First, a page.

National Treasure: Book of Secrets



Three out of Five stars
Running time: 124 mins

Enjoyable, popcorn-flavoured sequel that takes the successful formula of the first film and doesn't change it at all, except for the welcome additions of Helen Mirren and Ed Harris.

What's it all about?
When a missing page from the diary of John Wilkes Booth implicates one of his ancestors in Lincoln's assassination, treasure hunter Ben Gates (Nicolas Cage) sets out to prove his innocence. Reuniting with wise-cracking tech whizz Riley (Justin Bartha) and ex-girlfriend Abigail (Diane Kruger), Gates embarks on a quest that takes him to Paris, London and back to America, on the trail of a mysterious Book of Secrets that will clear his ancestor's name.

Unfortunately, the quest also requires some minor law-breaking, such as breaking into Buckingham Palace and kidnapping the US President (Bruce Greenwood). However, help is at hand, in the form of Ben's estranged parents, Patrick (Jon Voight) and Emily (Helen Mirren).

The Good
Justin Bartha is slightly more irritating this time round and Diane Kruger is as wooden as ever, but Cage is great fun, particularly when he's goofing around (e.g. doing a hilariously awful English accent). There's also strong support from Helen Mirren, who generates surprising chemistry with Jon Voight.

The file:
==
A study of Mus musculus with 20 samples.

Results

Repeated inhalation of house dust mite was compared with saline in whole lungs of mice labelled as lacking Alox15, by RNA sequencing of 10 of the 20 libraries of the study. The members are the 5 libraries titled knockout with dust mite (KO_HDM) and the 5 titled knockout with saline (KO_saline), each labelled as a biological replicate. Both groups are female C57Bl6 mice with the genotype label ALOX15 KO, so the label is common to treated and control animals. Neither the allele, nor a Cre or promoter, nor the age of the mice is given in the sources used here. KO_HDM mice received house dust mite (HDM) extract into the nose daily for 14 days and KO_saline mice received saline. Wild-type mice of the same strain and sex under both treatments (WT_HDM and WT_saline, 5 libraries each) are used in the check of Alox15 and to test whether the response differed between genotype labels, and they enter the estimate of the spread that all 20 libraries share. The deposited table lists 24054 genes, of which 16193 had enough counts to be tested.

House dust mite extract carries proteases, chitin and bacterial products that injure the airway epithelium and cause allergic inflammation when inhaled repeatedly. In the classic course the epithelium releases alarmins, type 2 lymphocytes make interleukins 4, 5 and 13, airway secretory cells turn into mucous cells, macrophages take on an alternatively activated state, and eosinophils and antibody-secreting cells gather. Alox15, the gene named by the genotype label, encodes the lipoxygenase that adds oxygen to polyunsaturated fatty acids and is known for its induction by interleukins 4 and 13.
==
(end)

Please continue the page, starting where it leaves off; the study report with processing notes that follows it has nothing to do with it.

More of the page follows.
The Bad
By far the oddest thing in the film is Cage's bizarre sideburn-free hairdo. Similarly, if you stop to think about the film at any point it starts to fall apart – for example, how likely is it that none of the leads would have a cameraphone? Other than that, the film delivers exactly the same combination of rapidly-solved puzzles, wisecracking dialogue and action-packed set-pieces (right down to a finale in a steadily collapsing set) that made the first film such a success, so if it starts to feel like you've seen it before, it's probably because you have. At any rate, it works – the sequel was a smash hit in the States, so expect National Treasure 3 before long.

Worth seeing?
In short, National Treasure: Book of Secrets is a perfectly enjoyable sequel and a decent popcorn flick, provided you don't think about it too much afterwards.